A Memorandum of Agreement (MoA) has been signed in Apia to ensure enough rooms for athletes and officials participating in next year's Pacific Games in Samoa.
The MoA is between the Samoa Tourism Authority (STA), Pacific Games Office (PGO) and accommodation providers in Upolu and Savaii.
Pacific Games Council (PGC) chief executive Andrew Minogue had admitted last month that plans to accommodate athletes in hotels during the Games, due to take place from July 7 to 20, are still a work in progress.
It came during a three-day visit Apia, where he met with Games staff and checked up on the facilities for next year’s event.
Commenting on the signing of the MoA, the PGO said: "The event marks a milestone in arranging accommodation for athletes and officials for next year’s 16th Pacific Games.
"In signing the MoA, accommodation providers confirm their commitment to solely accommodate participants of the Pacific Games next July.
"The expected number of athletes and officials arriving for the Pacific Games next year is estimated to be over 4,000.
"Accommodating for these numbers is a complex challenge that will require collaborative efforts.
"The purpose of the MoA therefore is to secure a maximum amount of rooms at these hotels for various categories of participants attending the Pacific Games.
"The MoA also outlines the hosting commitments of the accommodation provider, including specific items and services required for accommodation under the Pacific Games Charter and room rates.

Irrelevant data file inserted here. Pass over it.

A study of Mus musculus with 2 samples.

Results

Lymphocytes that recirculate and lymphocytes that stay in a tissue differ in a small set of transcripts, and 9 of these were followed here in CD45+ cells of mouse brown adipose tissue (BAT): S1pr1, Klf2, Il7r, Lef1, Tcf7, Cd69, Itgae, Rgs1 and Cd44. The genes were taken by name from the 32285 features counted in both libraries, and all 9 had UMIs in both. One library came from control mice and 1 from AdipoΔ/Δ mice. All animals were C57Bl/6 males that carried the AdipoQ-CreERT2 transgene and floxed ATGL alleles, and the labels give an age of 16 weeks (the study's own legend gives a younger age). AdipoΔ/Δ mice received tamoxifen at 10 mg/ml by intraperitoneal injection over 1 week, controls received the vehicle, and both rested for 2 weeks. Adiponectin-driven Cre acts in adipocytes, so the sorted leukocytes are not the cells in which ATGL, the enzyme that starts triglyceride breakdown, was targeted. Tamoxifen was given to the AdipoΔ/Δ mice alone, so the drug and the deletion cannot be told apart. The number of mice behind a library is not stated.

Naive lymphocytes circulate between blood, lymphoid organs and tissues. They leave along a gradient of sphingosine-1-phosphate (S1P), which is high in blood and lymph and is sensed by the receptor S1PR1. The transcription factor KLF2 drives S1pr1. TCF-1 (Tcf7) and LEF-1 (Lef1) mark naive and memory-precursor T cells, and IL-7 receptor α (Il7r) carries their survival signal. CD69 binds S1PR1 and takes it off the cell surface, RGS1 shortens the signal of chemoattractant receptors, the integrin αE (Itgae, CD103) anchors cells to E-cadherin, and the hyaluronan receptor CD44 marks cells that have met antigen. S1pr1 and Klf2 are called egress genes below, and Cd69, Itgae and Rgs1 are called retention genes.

"STA have worked together with SHA to finalise room rates based on triple share occupancy for hotels with breakfast included.
"In signing the MoA, hotels are expected to commit 100 per cent occupancy of their property for the Pacific Games period."
The PGO added: "The Government of Samoa, through the hosting of next year’s Pacific Games is committed to maximising opportunities that benefit the development of sports, as well as the public and private sectors.
"Securing hotels as primary accommodation providers for the Pacific Games is a significant opportunity to further strengthen this long-standing public-private partnership."
Samoa was awarded the 2019 Pacific Games in December as a replacement for Tonga.
It followed Tonga's Government withdrawing from hosting due to financial concerns.
Samoa 2019 is set to mark the first time in the history of the Pacific Games, first held in Fiji's capital Suva in 1963, that athletes and officials will not be accommodated in a Games Village.
In supporting the move to out-source accommodation, Samoa 2019 chief executive Falefata Hele Matatia was previously reported as saying by the Samoa Observer that it is cost effective, meets the Games and time-frame, and is also sustainable.
But paramount to the Organising Committee, according to Matatia, is new revenues for Samoa’s tourism accommodation stakeholders.
In June, Matatia expressed his hope that Samoa 2019 will help the country to become a centre of excellence for sport in the region.
He declared the Organising Committee's vision when providing a progress report at the PGC General Assembly.
It was the first chance for Pacific Games Associations to receive a full run-down from Samoa 2019 of plans and vision for the event.
Matatia hopes the Games will build on the legacy of the 2007 edition of the event, which also took place in Samoa.
Papua New Guinea's capital Port Moresby staged the most recent edition of the Pacific Games in 2015.